It’s Time For Mets To Get Some Pelf Control

It’s hard to believe that Mets quasi-number two starter, Mike Pelfrey (10-6, 4.16), has not won a game since June 25th when he improved his record to 10-2.  Since that day he has seen his ERA swell from 2.42 to 4.16, and he has gone past the fifth inning just once in seven starts.

Pelfrey will get the start today despite the rumblings that he would be skipped this week to give the big right hander more time to work out his problems.

As has been the case in the last few starts, Dan Warthen and Jerry Manuel are hoping that another mechanical adjustment can get Pelfrey back to where he was when the season first started and he was pitching well.

“I thought we made huge progress in the bullpen this week,” Pelfrey said. “My bullpen was a lot better. I just need to take that into the game, and if I do that I’ll be alright.

He will be facing the Rockies tonight who he handled very easily back in April, throwing seven shutout innings against them.

While the Mets bats get much of the blame for their second half slide, there’s no hiding the fact that Pelfrey has been a contributing factor in his last seven starts in which he put the Mets in an early hole or failed to protect a 2-3 run lead.

For two straight offseason, the Mets decided against acquiring a number two pitcher to pair with Johan Santana, citing that they had one in Mike Pelfrey or that many of the options they could have signed or traded for were not as good as Pelfrey. That may or may not be true, but it is clear that Pelfrey has failed to show the guts and guile one would expect from a top of the rotation starter.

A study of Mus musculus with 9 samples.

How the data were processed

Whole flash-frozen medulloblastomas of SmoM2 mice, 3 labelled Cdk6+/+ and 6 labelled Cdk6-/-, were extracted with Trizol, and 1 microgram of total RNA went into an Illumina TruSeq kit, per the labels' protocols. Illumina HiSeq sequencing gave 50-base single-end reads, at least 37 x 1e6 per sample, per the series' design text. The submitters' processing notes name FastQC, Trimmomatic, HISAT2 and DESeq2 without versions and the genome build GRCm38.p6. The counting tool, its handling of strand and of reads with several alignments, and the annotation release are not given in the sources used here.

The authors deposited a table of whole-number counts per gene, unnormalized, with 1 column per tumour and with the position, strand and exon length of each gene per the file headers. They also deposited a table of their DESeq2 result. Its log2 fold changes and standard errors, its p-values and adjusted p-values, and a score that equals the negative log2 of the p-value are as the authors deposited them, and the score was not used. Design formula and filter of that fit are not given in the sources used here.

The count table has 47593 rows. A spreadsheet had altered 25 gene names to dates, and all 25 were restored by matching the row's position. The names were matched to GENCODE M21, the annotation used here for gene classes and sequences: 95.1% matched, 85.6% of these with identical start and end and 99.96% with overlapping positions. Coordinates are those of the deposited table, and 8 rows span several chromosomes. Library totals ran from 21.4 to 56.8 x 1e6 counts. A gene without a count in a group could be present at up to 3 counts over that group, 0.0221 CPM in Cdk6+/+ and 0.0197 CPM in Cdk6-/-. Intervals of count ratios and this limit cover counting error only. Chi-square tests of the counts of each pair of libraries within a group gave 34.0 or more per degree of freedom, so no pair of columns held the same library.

It might be time to consider Pelfrey for what he really is based on his performance in the last two seasons, and that is someone to fill out the bottom of the rotation and not the top.

My big concern now is that instead of going out and getting a viable number two starter this winter, the Mets may simply start championing Jon Niese for that role as they’ve done with Pelfrey, and squander another season in 2011.  They’ll point to his 3.63 ERA and 1.39 WHIP and then throw their young southpaw into the furnace for a cruel baptism by fire.  The Mets have to save face and justify their decision to not trade Niese for a Cliff Lee, Roy Halladay and most recently Roy Oswalt when they had the chance.

One of those aces could have taken the mound behind Johan Santana on Opening Day in 2011. But, instead the Mets will either hold their noses and go with Pelfrey at number two again, or bend over clutching their chests and cling to the faint hope that Niese can handle the load. Don’t count on it.

You can’t force a pitcher to be an ace or number two starter. You can’t grab a sledge hammer and try to fit a round peg into a square hole. Top of the rotation starters on contending teams, earn those roles by virtue of their experience, performance, stamina, swagger and merit. You’re either born an ace like Doc Gooden and Tom Seaver, or you go through the trials and propel yourself to become an ace like Al Leiter and Johan Santana did. There are no shortcuts.

About Joe D 7944 Articles
I'm a lifelong Mets fan who loves writing and talking about the Amazins' 24/7. From the Miracle in 1969 to the magic of 1986, and even the near misses in '73, '00 and '15, I've experienced it all - the highs and the lows. I started Mets Merized Online in 2005 to feed my addiction and interact with other passionate Met fans like you. Follow me on Twitter @metsmerized.